SCHOOLS will be out this week and already parents are trying to decide where to leave their children while they are at work.
Some will go the safer method of leaving them in the care of suitable guardians, but others with no such options will probably leave them home alone.
However, leaving a young child unsupervised could possibly land you in trouble with the law, as this is considered a form of neglect as is outlined in the Child Care and Protection Act (2004).
"Neglect, assault, physical/mental ill-treatment, abandonment or exposure causing suffering or injury of any child is defined as cruelty to children," explained Trevesa DaSilva Ashman, public education specialist at the Office of the Children's Registry.
Parents found guilty of contravening this law could be fined or face imprisonment with hard labour for a term not exceeding five years, or both, if convicted in a Circuit Court. If indicted by a Resident Magistrate, such a person could be fined $1M or face imprisonment with hard labour for a term not exceeding three years, or both.
Da-Silva Ashman said parents contemplating leaving their children home alone must consider factors such as how the child would be cared for should an intruder enter the property or in the event of a natural disaster. She said they ought to consider, too, how the child would be taken to the hospital in the event that they get ill.
Instead of leaving children home alone, the OCR suggests that parents:
1. Take the child to a registered daycare or after care centre.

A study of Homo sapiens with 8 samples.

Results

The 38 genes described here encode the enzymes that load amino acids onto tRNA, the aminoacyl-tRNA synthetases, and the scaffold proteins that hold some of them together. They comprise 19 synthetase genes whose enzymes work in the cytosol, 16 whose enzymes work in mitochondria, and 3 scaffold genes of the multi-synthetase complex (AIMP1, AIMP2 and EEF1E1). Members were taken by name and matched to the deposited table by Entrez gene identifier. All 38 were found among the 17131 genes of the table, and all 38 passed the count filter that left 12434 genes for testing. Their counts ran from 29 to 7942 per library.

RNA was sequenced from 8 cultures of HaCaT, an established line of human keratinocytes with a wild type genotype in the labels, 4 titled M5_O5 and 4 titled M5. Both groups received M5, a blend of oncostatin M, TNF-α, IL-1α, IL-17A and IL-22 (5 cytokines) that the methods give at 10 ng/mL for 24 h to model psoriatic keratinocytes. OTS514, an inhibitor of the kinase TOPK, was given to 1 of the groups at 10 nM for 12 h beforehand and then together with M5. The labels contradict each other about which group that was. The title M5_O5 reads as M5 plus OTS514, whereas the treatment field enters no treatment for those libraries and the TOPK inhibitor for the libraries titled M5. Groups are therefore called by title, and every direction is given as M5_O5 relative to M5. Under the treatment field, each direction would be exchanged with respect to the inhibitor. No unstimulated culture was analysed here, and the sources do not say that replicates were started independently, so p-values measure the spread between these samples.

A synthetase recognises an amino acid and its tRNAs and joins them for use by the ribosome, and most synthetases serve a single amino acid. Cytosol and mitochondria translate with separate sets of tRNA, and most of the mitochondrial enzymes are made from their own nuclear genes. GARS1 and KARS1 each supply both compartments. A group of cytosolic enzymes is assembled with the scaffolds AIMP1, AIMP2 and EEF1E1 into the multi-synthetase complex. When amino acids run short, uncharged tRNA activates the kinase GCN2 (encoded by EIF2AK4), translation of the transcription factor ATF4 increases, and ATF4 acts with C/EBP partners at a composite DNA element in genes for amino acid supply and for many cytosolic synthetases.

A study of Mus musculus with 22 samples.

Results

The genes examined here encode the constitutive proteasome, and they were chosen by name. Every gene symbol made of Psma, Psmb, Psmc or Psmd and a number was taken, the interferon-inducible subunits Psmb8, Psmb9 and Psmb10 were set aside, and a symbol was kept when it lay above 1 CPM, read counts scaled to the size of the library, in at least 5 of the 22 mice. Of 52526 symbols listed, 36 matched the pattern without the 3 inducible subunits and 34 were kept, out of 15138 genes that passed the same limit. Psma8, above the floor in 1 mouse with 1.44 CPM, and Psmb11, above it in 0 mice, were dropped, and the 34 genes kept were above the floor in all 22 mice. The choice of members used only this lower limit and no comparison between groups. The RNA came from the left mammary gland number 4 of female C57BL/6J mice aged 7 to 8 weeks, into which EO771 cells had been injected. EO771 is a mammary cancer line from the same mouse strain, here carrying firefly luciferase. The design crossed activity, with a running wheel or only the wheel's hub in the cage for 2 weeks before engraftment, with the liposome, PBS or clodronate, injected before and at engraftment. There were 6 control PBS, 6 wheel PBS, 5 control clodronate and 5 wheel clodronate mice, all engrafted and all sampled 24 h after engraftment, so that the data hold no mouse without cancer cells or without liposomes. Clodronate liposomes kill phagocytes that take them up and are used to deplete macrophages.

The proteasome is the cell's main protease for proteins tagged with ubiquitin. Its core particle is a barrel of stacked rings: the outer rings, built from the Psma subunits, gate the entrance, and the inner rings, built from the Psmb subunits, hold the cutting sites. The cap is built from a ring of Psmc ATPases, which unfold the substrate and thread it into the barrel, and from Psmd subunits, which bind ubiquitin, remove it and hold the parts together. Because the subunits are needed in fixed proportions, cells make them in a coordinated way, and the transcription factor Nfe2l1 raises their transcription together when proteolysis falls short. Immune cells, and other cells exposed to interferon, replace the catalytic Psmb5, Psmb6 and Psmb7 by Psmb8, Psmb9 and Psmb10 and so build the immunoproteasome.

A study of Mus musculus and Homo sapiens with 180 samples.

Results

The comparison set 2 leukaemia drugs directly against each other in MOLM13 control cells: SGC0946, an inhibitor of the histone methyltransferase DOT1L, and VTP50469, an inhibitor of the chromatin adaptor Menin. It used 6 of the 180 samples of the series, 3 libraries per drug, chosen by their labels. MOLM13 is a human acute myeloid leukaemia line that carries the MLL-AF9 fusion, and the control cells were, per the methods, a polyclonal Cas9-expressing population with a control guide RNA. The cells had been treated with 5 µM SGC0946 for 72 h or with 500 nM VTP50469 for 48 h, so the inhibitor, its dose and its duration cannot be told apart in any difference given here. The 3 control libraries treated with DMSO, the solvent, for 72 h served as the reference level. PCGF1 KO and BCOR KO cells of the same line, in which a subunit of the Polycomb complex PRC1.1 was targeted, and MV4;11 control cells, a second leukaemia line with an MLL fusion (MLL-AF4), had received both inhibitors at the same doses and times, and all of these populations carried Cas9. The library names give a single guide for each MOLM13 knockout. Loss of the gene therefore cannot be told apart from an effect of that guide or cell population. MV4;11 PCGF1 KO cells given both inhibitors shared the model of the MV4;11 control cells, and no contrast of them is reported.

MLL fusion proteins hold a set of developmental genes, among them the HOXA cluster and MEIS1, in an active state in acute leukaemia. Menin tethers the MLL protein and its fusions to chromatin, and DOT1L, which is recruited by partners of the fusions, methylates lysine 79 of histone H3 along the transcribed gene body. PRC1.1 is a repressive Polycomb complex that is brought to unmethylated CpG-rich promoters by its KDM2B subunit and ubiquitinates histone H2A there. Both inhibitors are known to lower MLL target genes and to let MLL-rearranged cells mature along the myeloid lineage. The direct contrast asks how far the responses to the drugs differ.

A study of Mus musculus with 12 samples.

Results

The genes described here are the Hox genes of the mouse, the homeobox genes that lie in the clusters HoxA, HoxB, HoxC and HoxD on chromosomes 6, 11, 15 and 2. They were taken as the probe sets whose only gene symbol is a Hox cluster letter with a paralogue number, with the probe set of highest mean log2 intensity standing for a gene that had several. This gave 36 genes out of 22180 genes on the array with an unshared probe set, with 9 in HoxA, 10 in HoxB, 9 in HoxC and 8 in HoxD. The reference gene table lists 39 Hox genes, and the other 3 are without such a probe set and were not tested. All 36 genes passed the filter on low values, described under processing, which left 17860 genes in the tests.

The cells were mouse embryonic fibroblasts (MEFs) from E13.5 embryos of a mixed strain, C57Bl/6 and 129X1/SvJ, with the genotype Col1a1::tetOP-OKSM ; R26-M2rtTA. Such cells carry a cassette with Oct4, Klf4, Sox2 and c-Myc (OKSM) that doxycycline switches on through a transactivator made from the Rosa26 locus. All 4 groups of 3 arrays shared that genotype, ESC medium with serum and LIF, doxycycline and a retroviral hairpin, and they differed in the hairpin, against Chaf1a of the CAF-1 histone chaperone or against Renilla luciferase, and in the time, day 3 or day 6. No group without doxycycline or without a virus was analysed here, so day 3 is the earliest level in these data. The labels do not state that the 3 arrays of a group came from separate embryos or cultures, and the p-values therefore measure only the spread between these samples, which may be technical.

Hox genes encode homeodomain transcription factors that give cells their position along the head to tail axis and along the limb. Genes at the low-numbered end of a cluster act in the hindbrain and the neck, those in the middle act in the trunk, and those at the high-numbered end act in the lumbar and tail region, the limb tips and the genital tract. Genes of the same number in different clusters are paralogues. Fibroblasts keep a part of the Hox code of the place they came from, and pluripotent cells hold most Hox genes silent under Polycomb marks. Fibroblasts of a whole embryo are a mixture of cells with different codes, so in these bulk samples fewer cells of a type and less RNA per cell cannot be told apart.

2. Enlist the child in an affordable summer programme with a school or church, for example summer school, summer camp or bible school.
3. Place the child in the care of a responsible and trusted relative, neighbour or family friend
4. Find out from your employer if it is possible to take the child to work and plan structured activities for the child so as to reduce the level of disruption.
5. Community members can initiate an informal programme of activities for children within the community and enlist the voluntary services of child care/teaching professionals.
Before entrusting your child to someone else, the OCR suggests you do the following:
1.Ensure that the person/caregiver who is being entrusted with your child is responsible, trustworthy and dependable.
2. Ensure that complete and up-to-date contact information is there for the caregiver in whose care your child has been placed.
3. Your emergency contact information should be readily accessible to your child and their caregiver.
4. Adequate food should be provided and instructions given to the caregiver regarding chores, approved methods for punishment, school assignments, allergies and medications that your child may be taking.
5. Keep in touch with your child and their caregiver and where possible, drop in unexpectedly when the child is alone with the caregiver, even if it's a family member.
6. Ask the caregiver about the specifics of planned activities before your child leaves your care, and where possible, ensure activities are observable, if not by you, then at least by others.